Tuesday, December 01, 2009

When belief becomes an obsession

Today in a consumer behavior class, we studied the case of TiVo, the first entrant in smart television. The first player who brought in the concept of rewind, pause, record, fast forward live TV. The first player who wished to put control of what the consumer saw on TV into the customer's hands. The TATA SKYs of the west if you will? The first player who actually failed to capitalize on the first mover advantage, due to some strategic errors. The first player who failed to capture significant market share despite a brilliant idea.

One of the beauties of a class like consumer behavior is the fact that it ties in the psychology of a consumer into the science of marketing. Something as intangible as a consumer's thought process is deciphered and converted into something that can be used by firms to tactically reach the consumer. So we studied why TiVo went wrong. And the result lay in the fact that despite having a sterling idea, they looked at the idea as techies. They understood the idea and they expected the world to get it too! "D-uh!!", they said. They were overpriced, as was seen with newer players soon came out with products at half their rates, with a few lesser feature. But TiVo never took an effort to find out whether the features they were providing warranted such a premium over competition - or whether the consumer really cared for those features. It's more like giving me a pen that can sing and charging a bomb for it, without finding out whether I as a consumer want a singing pen! I perhaps just want a pen to write and care two hoots about the singing thing!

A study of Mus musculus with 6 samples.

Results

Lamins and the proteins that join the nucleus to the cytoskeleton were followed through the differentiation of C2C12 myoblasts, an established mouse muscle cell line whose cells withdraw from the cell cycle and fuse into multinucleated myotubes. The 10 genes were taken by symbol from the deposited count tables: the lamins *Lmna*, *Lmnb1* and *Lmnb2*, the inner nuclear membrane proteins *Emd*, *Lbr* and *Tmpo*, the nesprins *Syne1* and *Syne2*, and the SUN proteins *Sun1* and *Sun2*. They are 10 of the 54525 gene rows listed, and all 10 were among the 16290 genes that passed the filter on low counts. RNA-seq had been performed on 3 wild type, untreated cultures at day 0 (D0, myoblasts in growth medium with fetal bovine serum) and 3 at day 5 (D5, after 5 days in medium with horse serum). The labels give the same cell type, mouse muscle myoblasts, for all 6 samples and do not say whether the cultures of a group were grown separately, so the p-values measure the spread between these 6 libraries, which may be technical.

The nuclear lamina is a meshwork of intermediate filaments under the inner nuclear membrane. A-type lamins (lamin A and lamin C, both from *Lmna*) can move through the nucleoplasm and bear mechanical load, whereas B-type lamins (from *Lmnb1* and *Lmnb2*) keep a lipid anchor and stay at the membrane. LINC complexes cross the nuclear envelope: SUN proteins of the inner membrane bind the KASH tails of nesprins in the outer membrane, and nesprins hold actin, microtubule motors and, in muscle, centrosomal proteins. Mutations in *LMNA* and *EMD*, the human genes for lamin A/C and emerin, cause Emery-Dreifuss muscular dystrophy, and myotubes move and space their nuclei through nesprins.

Again, why did they do that? Well, their belief that they had a phenomenal product turned into an obsession. They felt it was the best thing to happen to mankind after sliced bread, and so, were unwilling to look at a customer's viewpoint, and engage in activities that would draw the consumer. They simply made the consumer laugh - using humor in their ads and then very condescendingly said - go find out the rest on our website. All this for a product that cost a lot - a TV enhancer costing almost as much as a TV. All this when the customer has not yet understood the concept.

So, apart from a marketing lesson, I liked this story because it gave me another perspective. Belief and self-belief are good. They are brilliant when it comes to boosting one's confidence. But one should never let one's beliefs cloud good sense and judgement. I can't help but allude to Satyajit Ray's Jalsaghar, where the protagonist - a once-upon-a-time-rich man spends his every last penny to put on a show of pomp and prosperity, till he finally collapses literally and metaphorically to his inability to sustain that image. So, every once in a while, one must really step back from the cheers and adulation, and see whether the praises and positive comments coming in are true and meaningful. Every once in a while, one must look at one's set of beliefs and cull out the ones based on senseless reasons. Change is what is permanent, and the more nimble we are, the more longer can we sustain.